A Tribute To A Hall-Of-Fame Special-Effects Expert
Special-effects wizard Ray Harryhausen is the honored guest star of this presentation, a bonus feature on the "Mighty Joe Young" DVD. The Chiodo brothers - three of them - all interview Harryhausen on the 50th anniversary of the film. The Chiodo brothers - Charles, Edward and Stephen - are modern-day special-effects movie men.
Harryhausen said his idol and the guy whom he patterned himself after was a man named Willis O'Brien, "who was the first one to bring stop-action to the forefront Few people remember who was in the film, 'The Lost World,' but they remember the dinosaurs. So, he made stars out of these animated puppets." Harryhausen seeing that film as a child, and then "King Kong" later, inspired him to do what he's done all these years.
These four guys discuss what made "King Kong" and "Mighty Joe Young" so successful, in addition to the stunning special-effects. For instance, "Mighty Joe" is given personality and empathy. He's not just some little puppet (and he was very little, even though he didn't look it on screen) but the expressions put on his face make him real and someone audiences would care about. However, Harry didn't want to overdo it "like they did on Son of Kong where he's cartoonish, doing things humans, not apes, would do. There's a fine line about that sort of thing."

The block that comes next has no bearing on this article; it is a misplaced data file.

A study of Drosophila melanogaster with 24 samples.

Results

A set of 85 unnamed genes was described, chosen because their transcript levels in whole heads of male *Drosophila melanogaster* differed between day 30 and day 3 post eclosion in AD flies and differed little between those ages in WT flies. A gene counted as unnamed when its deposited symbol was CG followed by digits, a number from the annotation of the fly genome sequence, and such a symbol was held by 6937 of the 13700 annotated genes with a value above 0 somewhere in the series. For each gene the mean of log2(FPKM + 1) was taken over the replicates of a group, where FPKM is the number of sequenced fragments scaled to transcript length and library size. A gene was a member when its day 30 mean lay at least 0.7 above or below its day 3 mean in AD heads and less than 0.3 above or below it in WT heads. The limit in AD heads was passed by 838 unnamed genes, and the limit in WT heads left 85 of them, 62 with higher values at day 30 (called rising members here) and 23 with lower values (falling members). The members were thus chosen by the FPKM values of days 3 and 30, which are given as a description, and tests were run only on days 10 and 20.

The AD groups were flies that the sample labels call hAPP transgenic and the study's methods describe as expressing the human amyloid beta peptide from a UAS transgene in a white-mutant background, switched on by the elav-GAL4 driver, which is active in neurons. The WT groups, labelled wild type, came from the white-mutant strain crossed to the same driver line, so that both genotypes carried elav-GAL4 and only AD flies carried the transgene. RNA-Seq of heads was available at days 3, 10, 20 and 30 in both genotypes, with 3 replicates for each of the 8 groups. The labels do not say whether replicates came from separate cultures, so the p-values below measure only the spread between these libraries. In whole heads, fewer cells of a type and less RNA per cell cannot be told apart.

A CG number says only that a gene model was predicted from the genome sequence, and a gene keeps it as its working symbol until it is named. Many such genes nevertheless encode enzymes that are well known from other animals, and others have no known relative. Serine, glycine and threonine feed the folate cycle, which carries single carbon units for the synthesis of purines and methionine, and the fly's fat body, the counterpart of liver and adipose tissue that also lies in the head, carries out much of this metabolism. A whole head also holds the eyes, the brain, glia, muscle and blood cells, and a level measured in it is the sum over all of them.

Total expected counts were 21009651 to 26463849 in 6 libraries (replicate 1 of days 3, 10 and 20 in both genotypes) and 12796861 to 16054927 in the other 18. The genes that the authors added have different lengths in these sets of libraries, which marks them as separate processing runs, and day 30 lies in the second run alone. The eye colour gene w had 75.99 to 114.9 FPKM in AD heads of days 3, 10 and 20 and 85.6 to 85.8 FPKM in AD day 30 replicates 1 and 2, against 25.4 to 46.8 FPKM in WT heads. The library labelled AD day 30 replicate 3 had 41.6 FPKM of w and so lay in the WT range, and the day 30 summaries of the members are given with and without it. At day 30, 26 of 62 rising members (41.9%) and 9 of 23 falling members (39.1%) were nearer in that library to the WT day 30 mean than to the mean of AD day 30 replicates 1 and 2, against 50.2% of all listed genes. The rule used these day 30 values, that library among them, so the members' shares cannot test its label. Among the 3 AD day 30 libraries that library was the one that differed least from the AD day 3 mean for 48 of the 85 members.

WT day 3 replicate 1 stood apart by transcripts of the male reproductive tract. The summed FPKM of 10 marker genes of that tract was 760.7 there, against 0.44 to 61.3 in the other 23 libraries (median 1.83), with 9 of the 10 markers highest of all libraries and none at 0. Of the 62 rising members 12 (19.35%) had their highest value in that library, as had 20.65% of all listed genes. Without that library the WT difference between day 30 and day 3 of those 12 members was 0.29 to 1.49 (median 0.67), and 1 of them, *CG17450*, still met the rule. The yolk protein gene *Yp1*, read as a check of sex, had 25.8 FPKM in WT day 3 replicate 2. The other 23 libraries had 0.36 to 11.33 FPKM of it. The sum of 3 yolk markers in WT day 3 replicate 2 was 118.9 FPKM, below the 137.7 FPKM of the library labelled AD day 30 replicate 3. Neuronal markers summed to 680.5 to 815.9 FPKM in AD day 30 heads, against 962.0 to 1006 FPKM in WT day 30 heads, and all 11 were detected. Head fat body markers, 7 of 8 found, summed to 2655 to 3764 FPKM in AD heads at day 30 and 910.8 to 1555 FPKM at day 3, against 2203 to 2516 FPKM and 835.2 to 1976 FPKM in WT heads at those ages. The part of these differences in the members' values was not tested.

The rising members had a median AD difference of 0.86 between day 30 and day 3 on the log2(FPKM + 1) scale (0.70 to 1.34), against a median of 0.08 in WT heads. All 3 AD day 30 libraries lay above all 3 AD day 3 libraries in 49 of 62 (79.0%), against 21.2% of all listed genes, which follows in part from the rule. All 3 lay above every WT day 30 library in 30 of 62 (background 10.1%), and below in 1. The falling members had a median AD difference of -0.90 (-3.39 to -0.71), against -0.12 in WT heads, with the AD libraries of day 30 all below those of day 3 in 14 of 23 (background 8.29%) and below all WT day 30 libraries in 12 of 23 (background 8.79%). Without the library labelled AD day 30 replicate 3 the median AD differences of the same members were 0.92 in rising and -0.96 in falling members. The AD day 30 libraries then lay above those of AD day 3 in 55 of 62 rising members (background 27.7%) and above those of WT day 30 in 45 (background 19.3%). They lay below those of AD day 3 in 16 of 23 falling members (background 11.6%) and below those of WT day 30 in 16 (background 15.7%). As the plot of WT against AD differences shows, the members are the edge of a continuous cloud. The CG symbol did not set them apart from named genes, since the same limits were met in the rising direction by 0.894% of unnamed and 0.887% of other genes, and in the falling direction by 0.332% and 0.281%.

Later, Harryhausen is asked about other aspects of the film, problems they had making "Mighty Joe Young" and a lot of details that had to be done on each scene. It's fairly interesting, nothing super, but the veteran didn't shy away from any questions. You could see the awe on the faces of the three brothers talking to this legend in the film business.
There also was some interesting comments about Merion C. Cooper, the producer of King Kong and a co-writer of Mighty Joe Young. Harryhausen said people should read the biography of Cooper because he lived an incredible life.